Are you a ’fine weather’ fisher, and go into hibernation when the leaves change colour? Or are the ’face it all’ year-round fisher? If you are the former, read on and see what you are missing out on. If you are the latter, you will probably be able to relate to what I describe below.
The cool, moist sea air blasting your face powered by storm strength winds. Working your carefully chosen fly out, a few fast pulls and then, BANG, that violent tug in the opposite direction. The constant pounding of an angry sea trout, and then after a dogged fight, our prize, a glisening bar of nature’s best; autumn sea trout.
The warm and sun filled days of summer have past. We embrace with less than positive thoughts what is to come; winter, snow and ice. The clocks turned back an hour and evening darkness ever nearer…we might as well just go and hibernate, fast forward to the glory days of spring.
Not quite. Between summer and winter is a wonderful time – autumn or as our American friends called it, fall. Cabin people that prefer a warmer clime, long gone and we coastal fishers get our world back. The water temperatures sinking from the warmth of summer and our friends, the salmonoids are back in play. Though if not a little pre-occupied with making sure the next generation is a certainty. But there are still some that have either done ‘the deed’ yet or aren’t quite ready for such fun times. These are what make the darker and colder days more attractive.
Like a bear gathering their spoils before hibernating, trout gather food to increase fat deposits to survive the winter. If you know where, how and when to fish for them, results will follow.
The last days where I fish and guide have been far from unusual, rather more typical autumn days. Strong winds dominating otherwise warmer grey days with finer days in between. Crystal clear water and exceptional large amounts of sticklebacks and gobies, cling to their safety along the seaweed belts. Not too far away, hungry sea trout.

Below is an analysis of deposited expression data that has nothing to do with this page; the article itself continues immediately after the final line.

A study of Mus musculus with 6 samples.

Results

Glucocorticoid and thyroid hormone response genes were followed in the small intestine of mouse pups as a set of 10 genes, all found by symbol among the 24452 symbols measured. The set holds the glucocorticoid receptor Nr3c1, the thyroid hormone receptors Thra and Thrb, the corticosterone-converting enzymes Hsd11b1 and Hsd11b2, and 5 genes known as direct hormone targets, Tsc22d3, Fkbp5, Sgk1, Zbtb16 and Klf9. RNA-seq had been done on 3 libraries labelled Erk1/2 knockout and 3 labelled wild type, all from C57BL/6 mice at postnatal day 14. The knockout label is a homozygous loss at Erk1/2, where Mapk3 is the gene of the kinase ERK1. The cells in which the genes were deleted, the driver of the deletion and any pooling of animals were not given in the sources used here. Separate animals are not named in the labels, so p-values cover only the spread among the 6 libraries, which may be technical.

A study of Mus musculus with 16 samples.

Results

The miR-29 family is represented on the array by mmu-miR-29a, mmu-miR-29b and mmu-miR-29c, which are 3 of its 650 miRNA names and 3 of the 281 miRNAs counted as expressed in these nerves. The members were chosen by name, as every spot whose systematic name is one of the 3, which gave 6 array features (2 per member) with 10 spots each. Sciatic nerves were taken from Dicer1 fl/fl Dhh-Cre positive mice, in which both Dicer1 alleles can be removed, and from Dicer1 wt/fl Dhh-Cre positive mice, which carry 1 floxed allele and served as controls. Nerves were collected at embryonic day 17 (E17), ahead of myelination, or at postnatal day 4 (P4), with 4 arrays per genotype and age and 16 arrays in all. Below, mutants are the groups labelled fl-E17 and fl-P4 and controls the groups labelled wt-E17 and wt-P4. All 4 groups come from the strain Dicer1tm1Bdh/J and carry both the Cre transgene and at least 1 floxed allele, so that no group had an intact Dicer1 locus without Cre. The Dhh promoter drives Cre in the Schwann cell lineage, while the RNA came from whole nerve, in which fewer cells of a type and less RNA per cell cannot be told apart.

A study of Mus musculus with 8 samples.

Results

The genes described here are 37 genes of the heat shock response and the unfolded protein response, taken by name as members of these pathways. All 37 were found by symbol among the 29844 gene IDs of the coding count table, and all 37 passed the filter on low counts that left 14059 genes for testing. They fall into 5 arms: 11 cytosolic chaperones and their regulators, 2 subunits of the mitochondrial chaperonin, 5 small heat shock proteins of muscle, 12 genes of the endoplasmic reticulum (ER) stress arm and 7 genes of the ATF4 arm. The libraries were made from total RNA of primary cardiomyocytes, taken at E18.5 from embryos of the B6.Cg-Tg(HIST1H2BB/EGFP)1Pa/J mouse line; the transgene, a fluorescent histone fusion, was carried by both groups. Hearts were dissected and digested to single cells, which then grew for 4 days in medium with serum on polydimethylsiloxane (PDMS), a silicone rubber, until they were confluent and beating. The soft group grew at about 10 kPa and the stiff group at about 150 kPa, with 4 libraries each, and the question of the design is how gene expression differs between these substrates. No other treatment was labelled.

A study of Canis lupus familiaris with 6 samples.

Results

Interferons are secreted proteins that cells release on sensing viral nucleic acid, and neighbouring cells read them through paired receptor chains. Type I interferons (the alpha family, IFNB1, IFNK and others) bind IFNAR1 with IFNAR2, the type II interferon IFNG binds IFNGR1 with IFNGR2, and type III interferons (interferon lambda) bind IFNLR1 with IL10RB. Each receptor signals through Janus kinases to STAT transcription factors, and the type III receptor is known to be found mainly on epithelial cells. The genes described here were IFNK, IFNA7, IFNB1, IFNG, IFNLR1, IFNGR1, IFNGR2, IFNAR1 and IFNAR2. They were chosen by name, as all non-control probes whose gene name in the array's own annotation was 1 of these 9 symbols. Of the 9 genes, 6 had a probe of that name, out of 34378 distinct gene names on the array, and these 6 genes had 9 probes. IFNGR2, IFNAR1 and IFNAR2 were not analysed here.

Catches have been otherwise good to olive shrimp or small fish imitations, but one pattern has dominated, a black goby imitation of my own creation. This rather simple but effective fly married either with a floating line for shallower water or a clear fast intermediate for deeper water and 4-5m fluorocarbon tippet have delivered the goods. The size 6 fly, attractively retrieved somewhat erratically but hastily have awoken positive responses.
My sea trout average has been four fish per hour, and bites two fold. Then a coalfish or pollack mixed in for fine measure. My last trip was impressively productive, with 7 sea trout per hour. Everything from 300g (0.75lb) to 1.2kg (2.5lb).
After such days I am left with that gratifying feeling of coming home to the warmth of my humble abode, with the thoughts and memories of a magical experience only nature can provide. Though at the same time knowing that December is soon here and that’s a month dominated by larger fish…
So I again ask the question. Are you a ‘fine weather’ fisher? Maybe not anymore?